COP 26, the upcoming Climate Change Conference in Glasgow, will be the last best chance for companies, investors, and governments worldwide to fight climate change. Alok Sharma, president-designate of COP26 and a U.K. member of parliament, said so during a session on Sept. 21. “The last best chance to do it right,” he remarked.
Firstly, according to an S&P report, such an idea was also the main conclusion of the New York Climate Week event. The COP26 is scheduled to be on Nov. 26, five years since much of the world signed the Paris Agreement, establishing aggressive emissions reductions targets. However, the results have been uneven, and there’s still much to do in such regard.
In fact, according to the International Energy Agency, estimates that global emissions in 2021 will be around 33 billion tons. Such a figure would have a 1,5 billion increase when compared to 2020’s levels. Such an increase would be the biggest annual rise in emissions since 2010.
Consequently, the companies and governments that signed the Paris Agreement would have in COP26 a crucial deadline for more aggressive action. Moreover, the U.N.’s IPCC study found that global temperature was around 1,09 degrees Celsius higher between the decades of 2011-2022 compared to 1850 – 1900; also, the past five years have been the hottest on record since 1850.
In addition, it said that emissions would need to fall by about 45% from 2010 levels by 2030 in order to have any hope of achieving net-zero by 2050. Also, the Paris Agreement pointed out that the world must stay 1,5C degrees below preindustrial levels to avoid the worst-case climate change scenario.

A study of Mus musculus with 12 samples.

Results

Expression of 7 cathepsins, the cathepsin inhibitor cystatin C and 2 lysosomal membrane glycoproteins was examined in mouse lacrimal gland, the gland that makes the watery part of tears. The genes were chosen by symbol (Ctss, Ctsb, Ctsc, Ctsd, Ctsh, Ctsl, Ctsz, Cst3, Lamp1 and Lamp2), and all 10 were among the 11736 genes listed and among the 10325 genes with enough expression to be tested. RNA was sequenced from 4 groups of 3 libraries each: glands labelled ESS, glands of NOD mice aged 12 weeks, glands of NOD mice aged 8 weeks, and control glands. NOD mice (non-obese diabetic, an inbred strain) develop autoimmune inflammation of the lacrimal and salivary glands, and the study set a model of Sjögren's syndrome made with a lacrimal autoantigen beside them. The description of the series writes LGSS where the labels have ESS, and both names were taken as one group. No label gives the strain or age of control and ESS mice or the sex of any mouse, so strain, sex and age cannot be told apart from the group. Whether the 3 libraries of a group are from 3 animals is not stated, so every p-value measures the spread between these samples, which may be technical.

Indeed, many countries agreed on the race to net zero. In fact, more than 2,000 governments and businesses have taken the net-zero pledge. In June, the G7 seven group (the U.K., the U.S., Canada, Japan, France, Germany, and Italy) also agreed to reach net-zero by no later than 2050.
Furthermore, according to S&P Global Trucost data, there was nearly an eightfold increase in companies’ greenhouse gas reduction targets between 2015 and 2019. However, such a figure only represents 18% of the total emissions made by the 1,200 largest global companies in 2019, according to the State of Green Business 2021 report. In other words, more ambitious targets are still needed.
Consequently, at the New York Climate Week, there was a call for countries, corporations, and investors to put firm investment commitments on the table at COP26. In order to establish a more solid pathway to reach the 1,5 degrees target.
Finally, Alok Sharma, president-designate of COP26, said at the event. “COP26 has to be the moment where we ensure that we are keeping 1.5 degrees within reach. It will be the last best chance of getting it right.”